Congressmen Buried in Evergreen

Historical Marker #2311 in Southgate is dedicated to the notable political figures buried at Evergreen Cemetery. Prominent politicians interned at the cemetery include John Wooleston Tibbatts, Thomas Laurens Jones, Albert S. Berry, Brent Spence, and George Baird Hodge.

John Wooleston Tibbatts was born in Lexington on June 12, 1802, and graduated from Transylvania University with a law degree. He married Anne Taylor, the daughter of prominent northern Kentucky figure General James Taylor. He was the first Newport resident to sit as a U.S. Representative for Kentucky. During his term (1843-1847) he sponsored a bill to annex Texas and voted to declare war on Mexico. Tibbatts was directly involved in the war against Mexico and was promoted to colonel by President James K. Polk. His campaigns in Mexico permanently damaged his health and he passed away in 1852.

Thomas Laurens Jones was born in North Carolina in 1819. He attended law school at Harvard University and wed shortly after in 1848, marrying Mary Keturah Taylor. Jones was opposed to the secession of the South, but like many other Kentuckians, he was also against coercing the seceded states by the federal government. He was arrested in 1862 on the accusation that he was a southern sympathizer and served time at Camp Chase prison in Ohio as a political prisoner. After the war he served as a U.S. congressman in the 1870s.

Albert S. Berry was born May 13, 1836, in what is now Dayton, Kentucky. He graduated from Miami University in Oxford, Ohio, in 1855, and received a law degree in 1858. He served as a state senator twice. He was loyal to the Confederate cause during the Civil War and became mayor of Newport in 1870. Berry served as a U.S. congressman in the 1890s.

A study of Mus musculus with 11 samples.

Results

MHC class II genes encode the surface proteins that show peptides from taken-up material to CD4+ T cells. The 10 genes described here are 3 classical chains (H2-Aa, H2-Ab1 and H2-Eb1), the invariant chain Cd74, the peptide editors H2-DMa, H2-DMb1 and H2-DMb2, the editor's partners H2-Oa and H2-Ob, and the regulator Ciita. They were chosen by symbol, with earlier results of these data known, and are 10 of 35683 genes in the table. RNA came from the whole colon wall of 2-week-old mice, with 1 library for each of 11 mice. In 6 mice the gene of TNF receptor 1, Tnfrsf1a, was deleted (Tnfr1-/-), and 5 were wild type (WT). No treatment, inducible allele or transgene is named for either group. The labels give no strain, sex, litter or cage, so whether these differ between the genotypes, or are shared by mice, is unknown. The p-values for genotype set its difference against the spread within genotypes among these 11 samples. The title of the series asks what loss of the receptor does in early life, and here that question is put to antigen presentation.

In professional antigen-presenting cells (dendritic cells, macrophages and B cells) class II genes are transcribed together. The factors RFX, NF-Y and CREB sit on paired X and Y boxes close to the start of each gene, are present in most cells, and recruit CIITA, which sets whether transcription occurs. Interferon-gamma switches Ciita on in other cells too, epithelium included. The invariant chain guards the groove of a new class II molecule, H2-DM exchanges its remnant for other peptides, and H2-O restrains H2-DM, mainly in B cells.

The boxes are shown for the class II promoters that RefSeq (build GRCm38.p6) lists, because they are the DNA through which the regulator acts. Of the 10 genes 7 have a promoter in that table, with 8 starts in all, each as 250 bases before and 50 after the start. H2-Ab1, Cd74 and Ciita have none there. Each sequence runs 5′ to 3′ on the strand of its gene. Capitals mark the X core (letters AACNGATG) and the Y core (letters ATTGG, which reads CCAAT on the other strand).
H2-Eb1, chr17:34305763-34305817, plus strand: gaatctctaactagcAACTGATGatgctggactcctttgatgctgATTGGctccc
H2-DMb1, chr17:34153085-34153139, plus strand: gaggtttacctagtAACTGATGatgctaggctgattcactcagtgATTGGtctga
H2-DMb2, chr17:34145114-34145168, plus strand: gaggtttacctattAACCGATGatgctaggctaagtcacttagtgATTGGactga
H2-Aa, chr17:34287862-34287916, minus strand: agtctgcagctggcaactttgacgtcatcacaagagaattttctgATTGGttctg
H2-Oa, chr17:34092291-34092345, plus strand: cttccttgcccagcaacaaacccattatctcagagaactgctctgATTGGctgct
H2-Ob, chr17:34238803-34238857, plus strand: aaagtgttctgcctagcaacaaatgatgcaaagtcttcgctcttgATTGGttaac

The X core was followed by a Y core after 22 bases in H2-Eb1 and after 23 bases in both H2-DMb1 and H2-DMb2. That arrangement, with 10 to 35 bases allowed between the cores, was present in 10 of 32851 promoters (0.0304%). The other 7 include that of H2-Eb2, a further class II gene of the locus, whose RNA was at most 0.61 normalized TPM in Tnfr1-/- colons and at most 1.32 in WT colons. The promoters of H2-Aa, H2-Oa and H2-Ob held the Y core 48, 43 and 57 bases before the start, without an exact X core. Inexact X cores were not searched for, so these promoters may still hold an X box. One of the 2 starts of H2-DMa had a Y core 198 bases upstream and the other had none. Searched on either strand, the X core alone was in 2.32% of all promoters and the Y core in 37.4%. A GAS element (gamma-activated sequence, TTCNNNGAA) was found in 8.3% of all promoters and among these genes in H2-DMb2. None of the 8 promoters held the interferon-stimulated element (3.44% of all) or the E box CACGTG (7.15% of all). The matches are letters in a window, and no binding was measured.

Brent Spence was born in Newport in 1874. He received a law degree from the University of Cincinnati in 1894. Spence served as a state senator from 1904 to 1908, and went on to a long career in the U.S. House of Representatives from 1931 to 1963.

George Baird Hodge, born in 1823 in Fleming County, Kentucky, was educated at the Naval Academy in Annapolis, Maryland. He resigned from the navy in 1851, and was elected to the Kentucky state legislature eight years later. Hodge enlisted in the Confederate army during the Civil War and was later nominated to represent Kentucky in the Confederate Provisional Congress. Hodge, like a number of other ex-Confederates, was elected to the state legislature in the 1870s.